Mindful based stress reduction

Mindful based stress reduction

Mindfulness is not a new concept. Rooted in the religious practices of Buddhism, Hinduism and Judaism, the idea of mindfulness has been around thousands of years. Its popularity in western secular culture as a means of stress reduction is, however, a fairly new concept.

It wasn’t until 1979 that Dr. Jon Kabat-Zinn founded the Mindfulness-Based Stress Reduction Clinic at the University of Massachusetts Medical School. It was at his clinic that Dr. Kabat-Zinn developed his Mindfulness-Based Stress Reduction program, or MBSR. Health care facilities and universities throughout the U.S. have implemented this eight-week program that blends traditional Buddhist mindfulness techniques with Western science to create what many consider to be the first use of mindfulness as treatment.

While Dr. Kabat-Zinn was integrating mindfulness into medicine, the increase in popularity of yoga was the catalyst for bringing mindfulness to the masses. In a study measuring mindfulness in people who practice yoga, researchers found that people who are actively involved in a yoga practice had higher levels of mindfulness than people who were casually involved or not involved. Yoga as a whole has taken off in recent years, with over 36 million active yogis and an increase in regular practitioners by over 50 percent between 2012 and 2016, according to a study by Yoga Journal and Yoga Alliance. It is no surprise then that the idea of mindfulness as a stress reducer has gained popularity in the U.S. over the last 10 years.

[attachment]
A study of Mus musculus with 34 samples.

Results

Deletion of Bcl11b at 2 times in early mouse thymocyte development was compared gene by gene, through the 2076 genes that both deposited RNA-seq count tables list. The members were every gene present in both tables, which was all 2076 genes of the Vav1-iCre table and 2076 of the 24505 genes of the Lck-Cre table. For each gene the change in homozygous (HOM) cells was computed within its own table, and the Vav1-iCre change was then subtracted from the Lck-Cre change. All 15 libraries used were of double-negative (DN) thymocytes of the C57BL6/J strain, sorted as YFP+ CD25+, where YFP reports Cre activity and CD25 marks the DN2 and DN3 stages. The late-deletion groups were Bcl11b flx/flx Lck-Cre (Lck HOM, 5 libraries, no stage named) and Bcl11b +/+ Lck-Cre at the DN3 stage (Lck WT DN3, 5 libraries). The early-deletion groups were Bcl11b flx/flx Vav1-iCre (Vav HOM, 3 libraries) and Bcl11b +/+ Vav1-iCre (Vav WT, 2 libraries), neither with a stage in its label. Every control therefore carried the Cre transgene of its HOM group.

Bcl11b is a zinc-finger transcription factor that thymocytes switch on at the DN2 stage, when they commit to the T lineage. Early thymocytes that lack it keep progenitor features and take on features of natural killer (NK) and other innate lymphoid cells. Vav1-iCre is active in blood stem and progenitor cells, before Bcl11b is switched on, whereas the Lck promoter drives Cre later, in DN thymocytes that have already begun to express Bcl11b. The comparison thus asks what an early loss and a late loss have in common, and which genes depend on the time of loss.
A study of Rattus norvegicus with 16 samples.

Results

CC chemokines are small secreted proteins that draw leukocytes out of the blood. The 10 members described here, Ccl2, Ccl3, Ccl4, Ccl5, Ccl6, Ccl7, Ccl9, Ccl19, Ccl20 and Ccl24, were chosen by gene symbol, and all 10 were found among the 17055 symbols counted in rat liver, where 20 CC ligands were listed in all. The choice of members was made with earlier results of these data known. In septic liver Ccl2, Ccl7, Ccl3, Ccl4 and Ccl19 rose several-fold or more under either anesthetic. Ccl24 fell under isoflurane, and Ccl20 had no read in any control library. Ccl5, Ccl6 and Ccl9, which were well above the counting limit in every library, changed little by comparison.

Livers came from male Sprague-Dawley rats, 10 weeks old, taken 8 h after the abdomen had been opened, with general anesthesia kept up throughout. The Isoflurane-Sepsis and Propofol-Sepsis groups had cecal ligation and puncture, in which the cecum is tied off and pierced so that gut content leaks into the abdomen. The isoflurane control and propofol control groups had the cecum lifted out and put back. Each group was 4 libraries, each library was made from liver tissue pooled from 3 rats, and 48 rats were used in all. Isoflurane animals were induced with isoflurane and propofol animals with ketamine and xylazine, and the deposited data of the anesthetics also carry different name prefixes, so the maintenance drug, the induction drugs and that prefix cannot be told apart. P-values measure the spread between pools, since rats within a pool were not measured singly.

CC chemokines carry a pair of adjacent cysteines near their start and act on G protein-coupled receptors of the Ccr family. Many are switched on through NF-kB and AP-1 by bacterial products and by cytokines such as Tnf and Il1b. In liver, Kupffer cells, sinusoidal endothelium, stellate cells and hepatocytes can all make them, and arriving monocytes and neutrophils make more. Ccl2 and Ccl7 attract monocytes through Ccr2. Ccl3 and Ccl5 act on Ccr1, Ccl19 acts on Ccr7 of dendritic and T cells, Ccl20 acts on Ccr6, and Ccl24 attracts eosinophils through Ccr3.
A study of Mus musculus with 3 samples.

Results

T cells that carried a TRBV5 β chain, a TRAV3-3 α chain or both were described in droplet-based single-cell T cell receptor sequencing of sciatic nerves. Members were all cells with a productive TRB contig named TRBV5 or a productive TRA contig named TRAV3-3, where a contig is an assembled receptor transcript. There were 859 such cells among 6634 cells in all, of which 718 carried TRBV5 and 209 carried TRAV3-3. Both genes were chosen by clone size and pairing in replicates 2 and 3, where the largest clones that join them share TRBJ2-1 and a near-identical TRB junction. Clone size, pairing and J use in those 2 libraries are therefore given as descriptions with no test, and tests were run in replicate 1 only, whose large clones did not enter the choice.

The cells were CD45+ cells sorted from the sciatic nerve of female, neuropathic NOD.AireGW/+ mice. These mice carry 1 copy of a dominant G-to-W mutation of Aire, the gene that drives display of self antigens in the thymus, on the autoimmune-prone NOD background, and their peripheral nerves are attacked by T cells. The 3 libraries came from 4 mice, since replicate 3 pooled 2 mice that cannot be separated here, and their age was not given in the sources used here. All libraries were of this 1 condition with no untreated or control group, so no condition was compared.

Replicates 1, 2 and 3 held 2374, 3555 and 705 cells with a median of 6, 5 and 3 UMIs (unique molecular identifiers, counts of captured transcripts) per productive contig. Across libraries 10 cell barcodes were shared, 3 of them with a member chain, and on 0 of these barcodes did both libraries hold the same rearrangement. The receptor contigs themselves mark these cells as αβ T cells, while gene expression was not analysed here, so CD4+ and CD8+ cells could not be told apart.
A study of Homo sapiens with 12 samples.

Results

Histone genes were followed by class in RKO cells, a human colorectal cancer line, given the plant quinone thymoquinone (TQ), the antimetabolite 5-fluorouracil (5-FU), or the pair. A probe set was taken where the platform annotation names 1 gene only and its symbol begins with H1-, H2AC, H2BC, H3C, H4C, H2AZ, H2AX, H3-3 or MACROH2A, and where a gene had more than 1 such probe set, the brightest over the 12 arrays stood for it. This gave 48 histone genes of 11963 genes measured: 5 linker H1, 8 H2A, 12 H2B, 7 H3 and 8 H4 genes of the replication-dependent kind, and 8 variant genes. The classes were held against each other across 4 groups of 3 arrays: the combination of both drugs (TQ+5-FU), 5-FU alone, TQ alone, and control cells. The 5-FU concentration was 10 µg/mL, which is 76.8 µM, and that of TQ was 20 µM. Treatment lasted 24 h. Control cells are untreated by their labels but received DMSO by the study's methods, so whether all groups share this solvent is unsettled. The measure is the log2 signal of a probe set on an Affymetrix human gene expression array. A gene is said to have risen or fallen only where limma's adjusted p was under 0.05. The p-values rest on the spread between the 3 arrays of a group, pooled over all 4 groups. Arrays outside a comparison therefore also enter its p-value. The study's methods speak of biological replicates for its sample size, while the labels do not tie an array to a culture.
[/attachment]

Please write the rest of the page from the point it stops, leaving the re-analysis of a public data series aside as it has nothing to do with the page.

Ideas of where this practice is most applicable and what effects it has are still being debated. For instance, a 2012 article in the Journal of Cognitive Psychotherapy pointed to research that supported the efficacy of MBSR in alleviating psychological distress and symptoms. A 2013 manuscript on Neuropsychobiology found that “MBSR produced small but significant changes in executive function, mindfulness and sustained left frontal alpha asymmetry.” And another 2012 article published on ScienceDirect found a correlation between older adults using MBSR and a reduction in the feeling of loneliness and pro-inflammatory gene expression.

A majority of researchers agree that MBSR has positive effects. If you’ve seen the benefits firsthand, we would love to hear your stories. If this is your first time exploring MBSR, we encourage you to read some of the articles posted within.